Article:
Ok. Gonna do another real time run through with the Hanayama Infinity. I haven’t played with this one before, so this will all be done on the fly. I’ll start on the puzzle and every so often – 5 or 10 minutes, I’ll stop and record my progress and thoughts. Maybe this will reveal something interesting about the process – maybe not. But, its the process of solving these puzzles that I want to capture here. Solving puzzles is about being systematic and exploratory. Lets see if I can get this one solved here tonight.
First off, the puzzle is another beauty. Like most Hanayama puzzles, they are usually bigger and heavier than I anticipate from the picture. This one looks like its made of 3 pieces. 2 circular bearings and an outer casing. One thing that I notice right away is that each bearing has a circular cut-out where the other bearing fits. From the picture, I figures only ONE of the bearings had this cutout, but upon flipping the puzzle, I can see that both have this cutout.
Ok, lets see if I can discover anything in 5 minutes.
Five minutes in and I haven’t solved it, but I have learned a few things. I’ve been able to manipulate the two bearings a bit and am starting to understand how the puzzle moves. The two bearings are able to rotate around – i haven’t been able to complete a full 360 either. I’ve gotten the stamped bearing to rotate probably 300 degrees, and the blank bearing only about 15 degrees. The bearings also can move up or down and moving them up and down unlocks the turning ability. The sides of the bearings are visible at times and I can see interesting shapes and tracks that are interlocking on each other and preventing or allowing movement.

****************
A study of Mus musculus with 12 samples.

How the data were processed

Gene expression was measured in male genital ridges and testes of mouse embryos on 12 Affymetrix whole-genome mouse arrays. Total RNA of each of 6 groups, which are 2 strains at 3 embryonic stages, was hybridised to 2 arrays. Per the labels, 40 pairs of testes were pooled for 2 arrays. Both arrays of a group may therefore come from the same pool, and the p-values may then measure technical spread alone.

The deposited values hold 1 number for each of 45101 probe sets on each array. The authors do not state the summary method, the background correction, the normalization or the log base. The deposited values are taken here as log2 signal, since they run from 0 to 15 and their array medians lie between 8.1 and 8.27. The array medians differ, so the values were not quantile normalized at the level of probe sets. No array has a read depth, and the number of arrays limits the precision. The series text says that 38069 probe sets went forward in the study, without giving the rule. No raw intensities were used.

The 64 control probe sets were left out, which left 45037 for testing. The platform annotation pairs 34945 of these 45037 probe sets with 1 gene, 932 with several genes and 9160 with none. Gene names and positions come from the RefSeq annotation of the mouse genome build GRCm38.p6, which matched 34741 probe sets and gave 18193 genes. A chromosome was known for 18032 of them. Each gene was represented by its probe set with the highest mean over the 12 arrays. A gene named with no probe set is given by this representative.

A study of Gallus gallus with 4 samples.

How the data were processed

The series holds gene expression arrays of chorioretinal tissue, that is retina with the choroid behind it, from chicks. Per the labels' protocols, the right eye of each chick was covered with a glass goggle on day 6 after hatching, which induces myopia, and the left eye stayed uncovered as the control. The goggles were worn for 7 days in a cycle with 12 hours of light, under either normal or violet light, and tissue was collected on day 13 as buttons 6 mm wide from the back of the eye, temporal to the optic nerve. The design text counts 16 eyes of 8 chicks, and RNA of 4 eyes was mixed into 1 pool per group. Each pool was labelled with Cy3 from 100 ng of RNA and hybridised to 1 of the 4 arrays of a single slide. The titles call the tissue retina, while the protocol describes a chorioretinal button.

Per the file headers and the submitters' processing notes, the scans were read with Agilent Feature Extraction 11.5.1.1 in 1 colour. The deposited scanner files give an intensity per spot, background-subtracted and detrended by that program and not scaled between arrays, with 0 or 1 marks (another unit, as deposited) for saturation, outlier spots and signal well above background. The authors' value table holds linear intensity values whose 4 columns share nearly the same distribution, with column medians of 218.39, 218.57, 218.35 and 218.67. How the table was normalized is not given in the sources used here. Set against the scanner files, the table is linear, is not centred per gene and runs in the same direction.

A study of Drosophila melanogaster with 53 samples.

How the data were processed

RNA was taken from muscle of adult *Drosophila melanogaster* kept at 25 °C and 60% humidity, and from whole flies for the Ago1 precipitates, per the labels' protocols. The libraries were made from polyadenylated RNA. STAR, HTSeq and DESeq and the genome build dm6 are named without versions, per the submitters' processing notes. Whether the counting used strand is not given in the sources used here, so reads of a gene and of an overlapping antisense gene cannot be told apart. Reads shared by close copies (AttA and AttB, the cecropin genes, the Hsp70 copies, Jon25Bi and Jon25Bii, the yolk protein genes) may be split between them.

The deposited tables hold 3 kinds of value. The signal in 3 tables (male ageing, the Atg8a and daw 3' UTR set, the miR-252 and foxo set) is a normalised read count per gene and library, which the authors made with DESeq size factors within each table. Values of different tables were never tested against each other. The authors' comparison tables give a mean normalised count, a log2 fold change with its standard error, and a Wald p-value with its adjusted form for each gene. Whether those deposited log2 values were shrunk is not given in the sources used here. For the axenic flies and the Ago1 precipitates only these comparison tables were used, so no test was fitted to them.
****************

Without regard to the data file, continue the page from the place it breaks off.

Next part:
Solving the puzzle will likely be a matter of knowing the correct position and/or sequence to release the two bearings. I’m not sure if I can take a systematic approach or not. I felt like I was making some progress in the first 5 minutes, lets see what happens next.
Ok, I’m now 15 minutes into this and I feel like I’m getting close. I’m pretty sure I have one of the bearings in the correct location. There is a scallop cutout that is lining up with a protrusion on the case. But, the other bearing isn’t budging and right now it feels a bit stuck. But, I’m hesitant to move the piece that is the correct position. But looks like thats exactly what I’ll have to do if I want to progress.
This puzzle is fun to manipulate, but is a little frustrating because pieces seem to lock up at points. I don’t yet know if this is sequential in any manner or whether I just need to get the pieces into the correct position.
32 minutes and 54 seconds total time, and the puzzle has been solved. I’m not sure if I did things correctly or not. It seemed to me like I could rotate the stamped bearing fairly easily, but the non-stamped one was difficult to move. I ended up moving the stamped bearing around about 300 degrees and then that would allow the non-stamped piece to move about 15 degrees, and I’d move the stamped piece back to the start and that would allow me to move the other piece 15 degrees. I kept at this until the puzzle was solved.
The inside of this one is really cool. Its really amazing to interlock the bearings and move them around and see how they catch on each other and how moving up and down opens up new pathways. Overall, I’m very impressed with the design on this one. It seemed obvious from looking at it how it would work, but its design makes it really challenging. I think I’m going to hold off on putting this back together – I need to understand how the bearings interact better to see if I did things correctly or picked an inefficient solution.
Assembly was pretty straightforward, but still took me a good 10 minutes to complete. Overall, I really enjoyed this one. I’ll have to complete it a few more times to see if I can really get a mastery of it.